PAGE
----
Usability Testing Field Notes

Recently one of our teams at Atomic Object worked with a client to do 2 days’ worth of usability testing with real users.

I acted as the test facilitator for this project. As the test facilitator, I greeted test participants when they showed up, explained how the test would work, and walked them through the tasks that we needed them to perform.

The usability testing was a great experience for the team, our client, and our test participants. It provided the product team with many useful data points which led to great improvements in the application.

In no particular order, here are some thoughts I have about what made this round of testing successful, as well as things I want to remember for next time.

  • Our client did a great job of recruiting a diverse group of test participants. We had 8 participants in all, 4 for each of our two primary user personas. The participants were diverse in age, gender, and computer experience. The varied perspectives they represented resulted in lots of candid, useful feedback.
  • We did 4 sessions each day. Each of them was scheduled to be 30 minutes long, with a 20 minute break in between. This scheduling system worked really well. The breaks were just long enough to reset the system, debrief with our team, and have a little downtime before the next session.
  • Snacks, coffee, and water are super important. On our first day of testing I forgot to bring a bottle of water, and by the end of the second test, I was really feeling thirsty. 4 back-to-back sessions is a long time, and there is a lot going on, so remember to stock up. Carl shared some interesting information about the impact that food has on our mental state in this post. While the situation he describes is slightly different, the principles are the same.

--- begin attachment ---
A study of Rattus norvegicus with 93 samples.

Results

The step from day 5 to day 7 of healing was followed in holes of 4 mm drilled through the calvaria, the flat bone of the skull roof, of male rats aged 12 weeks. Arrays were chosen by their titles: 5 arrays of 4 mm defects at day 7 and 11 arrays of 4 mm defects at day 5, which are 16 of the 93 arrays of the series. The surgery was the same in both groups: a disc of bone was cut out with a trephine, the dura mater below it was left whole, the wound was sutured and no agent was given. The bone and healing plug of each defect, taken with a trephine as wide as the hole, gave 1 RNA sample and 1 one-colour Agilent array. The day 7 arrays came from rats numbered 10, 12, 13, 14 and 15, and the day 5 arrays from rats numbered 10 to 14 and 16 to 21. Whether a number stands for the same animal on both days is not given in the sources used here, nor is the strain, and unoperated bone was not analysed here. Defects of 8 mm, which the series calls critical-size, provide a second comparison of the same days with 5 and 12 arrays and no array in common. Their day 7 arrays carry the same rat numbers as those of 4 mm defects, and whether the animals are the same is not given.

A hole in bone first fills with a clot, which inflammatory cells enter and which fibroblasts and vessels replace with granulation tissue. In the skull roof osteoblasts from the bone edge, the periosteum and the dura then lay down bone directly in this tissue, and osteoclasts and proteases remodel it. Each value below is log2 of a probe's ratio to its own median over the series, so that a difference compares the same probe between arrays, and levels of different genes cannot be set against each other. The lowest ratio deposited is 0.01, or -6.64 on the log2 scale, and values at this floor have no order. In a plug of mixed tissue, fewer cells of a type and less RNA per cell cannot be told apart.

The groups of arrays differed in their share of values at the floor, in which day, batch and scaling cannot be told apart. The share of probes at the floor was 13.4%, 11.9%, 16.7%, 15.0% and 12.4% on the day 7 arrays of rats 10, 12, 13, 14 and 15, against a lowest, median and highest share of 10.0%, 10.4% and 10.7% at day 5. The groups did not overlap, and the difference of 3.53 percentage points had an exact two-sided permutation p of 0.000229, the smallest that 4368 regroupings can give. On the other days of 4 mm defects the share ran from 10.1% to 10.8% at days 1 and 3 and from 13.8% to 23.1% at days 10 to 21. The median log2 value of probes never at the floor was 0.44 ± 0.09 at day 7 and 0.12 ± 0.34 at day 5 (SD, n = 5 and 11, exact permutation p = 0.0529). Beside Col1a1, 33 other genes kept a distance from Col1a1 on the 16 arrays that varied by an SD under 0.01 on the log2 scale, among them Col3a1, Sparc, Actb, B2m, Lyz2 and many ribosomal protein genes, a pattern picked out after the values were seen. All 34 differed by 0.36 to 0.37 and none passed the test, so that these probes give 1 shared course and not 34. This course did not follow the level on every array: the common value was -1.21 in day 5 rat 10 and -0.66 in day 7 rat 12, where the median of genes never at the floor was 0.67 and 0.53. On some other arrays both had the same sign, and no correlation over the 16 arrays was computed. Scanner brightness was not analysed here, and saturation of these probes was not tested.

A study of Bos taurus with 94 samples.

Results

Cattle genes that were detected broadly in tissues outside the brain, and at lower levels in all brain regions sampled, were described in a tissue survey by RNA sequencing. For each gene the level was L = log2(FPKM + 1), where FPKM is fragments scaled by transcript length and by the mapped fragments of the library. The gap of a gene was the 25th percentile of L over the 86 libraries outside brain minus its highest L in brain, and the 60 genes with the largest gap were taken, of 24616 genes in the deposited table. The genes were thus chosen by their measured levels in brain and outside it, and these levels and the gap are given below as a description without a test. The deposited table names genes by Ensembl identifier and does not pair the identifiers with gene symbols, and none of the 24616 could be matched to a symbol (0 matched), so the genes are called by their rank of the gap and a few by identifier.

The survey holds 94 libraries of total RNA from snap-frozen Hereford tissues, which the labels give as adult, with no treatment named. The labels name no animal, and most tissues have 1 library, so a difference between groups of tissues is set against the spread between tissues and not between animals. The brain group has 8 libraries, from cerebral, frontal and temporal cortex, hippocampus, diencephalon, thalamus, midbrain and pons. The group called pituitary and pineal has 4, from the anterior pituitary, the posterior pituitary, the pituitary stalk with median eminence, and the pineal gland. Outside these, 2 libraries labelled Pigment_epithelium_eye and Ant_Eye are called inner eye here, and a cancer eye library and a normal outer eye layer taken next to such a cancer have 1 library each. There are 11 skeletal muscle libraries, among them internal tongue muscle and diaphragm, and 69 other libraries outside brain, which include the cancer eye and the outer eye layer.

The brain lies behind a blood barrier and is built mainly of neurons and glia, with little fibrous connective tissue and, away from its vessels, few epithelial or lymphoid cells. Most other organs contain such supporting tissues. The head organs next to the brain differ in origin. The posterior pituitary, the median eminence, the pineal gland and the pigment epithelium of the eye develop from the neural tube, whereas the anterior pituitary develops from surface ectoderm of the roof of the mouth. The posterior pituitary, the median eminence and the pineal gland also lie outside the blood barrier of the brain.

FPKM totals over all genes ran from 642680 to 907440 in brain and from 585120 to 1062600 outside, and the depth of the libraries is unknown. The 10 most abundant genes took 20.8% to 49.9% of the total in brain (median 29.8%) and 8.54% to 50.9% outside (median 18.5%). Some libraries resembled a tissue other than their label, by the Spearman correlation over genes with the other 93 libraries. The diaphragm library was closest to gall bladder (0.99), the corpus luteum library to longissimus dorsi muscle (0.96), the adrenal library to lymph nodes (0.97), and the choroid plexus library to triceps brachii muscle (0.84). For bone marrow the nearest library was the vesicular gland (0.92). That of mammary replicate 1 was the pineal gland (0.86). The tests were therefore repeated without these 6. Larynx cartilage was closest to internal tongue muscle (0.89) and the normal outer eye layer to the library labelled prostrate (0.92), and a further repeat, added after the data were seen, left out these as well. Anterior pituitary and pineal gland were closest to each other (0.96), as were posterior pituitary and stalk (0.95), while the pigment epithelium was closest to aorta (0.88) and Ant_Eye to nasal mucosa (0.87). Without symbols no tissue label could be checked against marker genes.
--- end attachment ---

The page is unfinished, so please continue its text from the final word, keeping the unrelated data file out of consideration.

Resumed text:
• We rehearsed the test multiple times beforehand, which really helped things go smoothly when it was time for the real deal. For our first rehearsal, we grabbed another Atomic employee who had no knowledge of our project, sat down with him, and had him perform our tasks just like an actual test subject. This was extremely helpful because he was able to point out some easy fixes to the app before our real testers ever saw it. Having this prep out of the way meant that our real participants could give us feedback on more important issues. For our second rehearsal, we sat down in the actual test environment and had one of the stakeholders play the role of the test participant. This was cool for several reasons. It gave us another practice run, this time in the real space (which we had never used before for usability testing), and it also allowed our stakeholder an inside peek into what it was like to be a test participant. As a facilitator, it was just helpful for me to be able to go through the script again before it was time for the real deal.

As a team, we really appreciated the trust our client showed by putting us in touch with his real users and customers, as well as how much work he put into recruiting these test participants. Seeing our application through the eyes of users was an enlightening, exciting experience, and we look forward to the next round of testing with this application.